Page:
Thailand does not intervene with foreign exchange rates to gain competitiveness in trade, its central bank chief said on Monday, amid rising concerns that the country may become the first in Southeast Asia to be placed under trade scrutiny by the U.S.
In an interview with the Nikkei Asian Review, Bank of Thailand Governor Veerathai Santiprabhob stressed that the Thai baht had been moving in line with market supply and demand, pointing out that the currency had been strengthening in the past year or so to become one of the best-performing currencies in the region due to capital inflows from advanced economies.
“We have no policies of fixing exchange rates at a particular level or manipulating exchange rate to a particular level,” he said.
With a huge current account surplus accounting for 10.8% of its gross domestic product in 2017 and a trade surplus with the U.S. topping $20 billion, Thailand has already filled at least two of the three criteria that the U.S. Treasury uses to designate a trade partner a currency manipulator.
In the U.S. Treasury’s latest report earlier this month, Thailand was not put on its watchlist due to its small trade volumes, but it has hinted it will expand the list of countries under scrutiny in its next report expected in October.
Veerathai explained that the large current account surplus was due to three factors: cheaper oil imports; a boom in tourism thanks to a huge influx of Chinese travelers; and weak domestic investment.
But as domestic investment is picking up and oil prices are rebounding, Veerathai said that the “current account surplus is adjusting in the right direction,” projecting it would come down to around 8-9% of gross domestic product in 2018.
Thailand’s foreign reserves at the end of 2017 totaled $202.5 billion, a growth of nearly 20% year-on-year. The sharp rise hinted at baht-selling and dollar-buying by the Bank of Thailand.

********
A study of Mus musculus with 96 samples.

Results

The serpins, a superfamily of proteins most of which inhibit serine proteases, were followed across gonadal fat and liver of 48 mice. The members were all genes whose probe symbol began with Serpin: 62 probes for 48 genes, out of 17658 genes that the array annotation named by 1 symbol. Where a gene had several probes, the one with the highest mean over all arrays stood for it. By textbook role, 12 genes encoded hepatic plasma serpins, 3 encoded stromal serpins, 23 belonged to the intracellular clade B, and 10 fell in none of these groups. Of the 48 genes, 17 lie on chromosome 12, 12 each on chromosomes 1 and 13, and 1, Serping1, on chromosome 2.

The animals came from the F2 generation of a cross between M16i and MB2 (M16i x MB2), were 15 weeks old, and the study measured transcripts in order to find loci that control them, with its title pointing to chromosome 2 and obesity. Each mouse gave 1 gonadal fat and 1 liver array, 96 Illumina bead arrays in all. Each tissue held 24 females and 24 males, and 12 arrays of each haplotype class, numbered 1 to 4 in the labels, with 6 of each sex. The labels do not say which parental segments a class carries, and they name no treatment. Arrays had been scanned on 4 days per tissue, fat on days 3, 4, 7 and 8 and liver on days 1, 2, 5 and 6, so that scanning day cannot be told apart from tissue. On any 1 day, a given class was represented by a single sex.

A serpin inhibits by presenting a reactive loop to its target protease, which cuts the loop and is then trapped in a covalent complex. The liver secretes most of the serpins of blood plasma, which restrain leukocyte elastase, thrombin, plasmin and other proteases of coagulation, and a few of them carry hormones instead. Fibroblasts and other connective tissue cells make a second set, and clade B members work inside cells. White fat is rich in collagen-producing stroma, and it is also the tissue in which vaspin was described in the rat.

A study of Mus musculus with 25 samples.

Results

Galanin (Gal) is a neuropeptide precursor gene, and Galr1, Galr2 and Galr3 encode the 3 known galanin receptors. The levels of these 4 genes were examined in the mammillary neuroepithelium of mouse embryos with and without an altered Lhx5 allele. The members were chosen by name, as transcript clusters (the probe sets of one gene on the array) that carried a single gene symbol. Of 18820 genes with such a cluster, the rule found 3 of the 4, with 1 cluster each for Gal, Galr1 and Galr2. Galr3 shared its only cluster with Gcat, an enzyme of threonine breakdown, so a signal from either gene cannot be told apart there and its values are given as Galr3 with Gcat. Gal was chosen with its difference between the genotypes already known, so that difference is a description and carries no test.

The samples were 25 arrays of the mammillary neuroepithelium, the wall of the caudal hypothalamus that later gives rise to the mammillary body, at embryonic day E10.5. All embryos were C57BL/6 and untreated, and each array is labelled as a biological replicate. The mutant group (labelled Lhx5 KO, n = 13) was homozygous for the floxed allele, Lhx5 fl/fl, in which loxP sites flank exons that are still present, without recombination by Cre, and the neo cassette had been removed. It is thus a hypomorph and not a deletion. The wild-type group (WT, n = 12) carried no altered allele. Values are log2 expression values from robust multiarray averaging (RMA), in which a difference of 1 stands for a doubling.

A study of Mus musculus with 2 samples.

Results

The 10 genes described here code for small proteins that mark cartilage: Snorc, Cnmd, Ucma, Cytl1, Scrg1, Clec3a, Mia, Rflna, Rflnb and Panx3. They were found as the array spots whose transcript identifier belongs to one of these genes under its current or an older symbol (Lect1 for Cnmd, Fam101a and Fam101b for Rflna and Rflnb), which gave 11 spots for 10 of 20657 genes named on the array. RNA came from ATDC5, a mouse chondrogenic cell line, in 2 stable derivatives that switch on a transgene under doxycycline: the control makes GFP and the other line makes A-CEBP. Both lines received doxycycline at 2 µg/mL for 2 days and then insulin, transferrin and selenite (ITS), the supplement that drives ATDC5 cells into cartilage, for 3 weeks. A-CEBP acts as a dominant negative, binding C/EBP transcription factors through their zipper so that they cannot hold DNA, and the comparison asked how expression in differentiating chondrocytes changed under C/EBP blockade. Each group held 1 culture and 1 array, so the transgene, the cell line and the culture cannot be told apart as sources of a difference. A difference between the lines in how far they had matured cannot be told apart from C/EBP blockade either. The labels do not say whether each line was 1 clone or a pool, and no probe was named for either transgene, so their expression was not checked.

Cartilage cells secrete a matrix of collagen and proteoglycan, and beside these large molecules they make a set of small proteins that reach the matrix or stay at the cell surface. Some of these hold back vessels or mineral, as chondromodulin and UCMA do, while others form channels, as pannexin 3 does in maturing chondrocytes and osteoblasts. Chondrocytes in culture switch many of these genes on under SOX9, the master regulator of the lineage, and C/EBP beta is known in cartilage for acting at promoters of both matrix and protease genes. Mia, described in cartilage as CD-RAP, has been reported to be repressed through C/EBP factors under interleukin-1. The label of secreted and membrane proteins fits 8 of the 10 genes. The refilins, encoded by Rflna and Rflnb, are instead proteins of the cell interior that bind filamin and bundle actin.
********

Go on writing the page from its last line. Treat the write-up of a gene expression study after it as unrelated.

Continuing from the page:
Veerathai said that the central bank intervened only to tame sharp volatility that could have “much implication” on the country’s economic recovery. “We might have to intervene in the foreign exchange market from time to time, mainly because of the rapid or intense capital inflows,” he said. “It is not our policy to manipulate currencies for competitiveness gain in trade.”
While much of Thailand’s economy depends on trade, the governor voiced concerns over the recent rise of protectionism among larger countries such as the U.S.
He said that although the direct impact of U.S. trade restrictions might be small for Thai products — steel and aluminum, on which the adminstration of President Donald Trump has imposed tariffs, account for less than 1% of the country’s total exports — he was more cautious of the indirect effects.
“The lingering concerns of trade protectionism, and the possibility that it can expand into more serious problems, will definitely pull down investment demand across the globe and that is something I am sure no one would like to see happening,” he said.
Thailand’s economy, which had seen sluggish growth since late 2013 due to political unrest, picked up to 3.9% growth in 2017 on the back of stronger exports. In March, The Bank of Thailand revised upwards its GDP growth forecast for this year to 4.1%, from 3.9%.
As central banks in other parts of the world, including Thailand’s neighbors Singapore and Malaysia, have moved to raise interest rates, some analysts are expecting that the Bank of Thailand will also raise its policy rate which has stayed at 1.5% since 2015. In the latest meeting of the country’s monetary policy committee in March, one of the seven members voted to raise rates by 0.25 basis points — the first time that the MPC did not come out with a unanimous vote since its last rate cut.
Veerathai sees policy normalization as “unavoidable” in the long term. However, citing a weak recovery in rural economies, which are led by farming households, he said that “at this point, the MPC statement is very clear that we see the need to have a continued accommodative policy stance.”
He added that a widening interest rate gap between Thailand and advanced economies such as the U.S. could help “slow down” capital inflows and weaken the baht.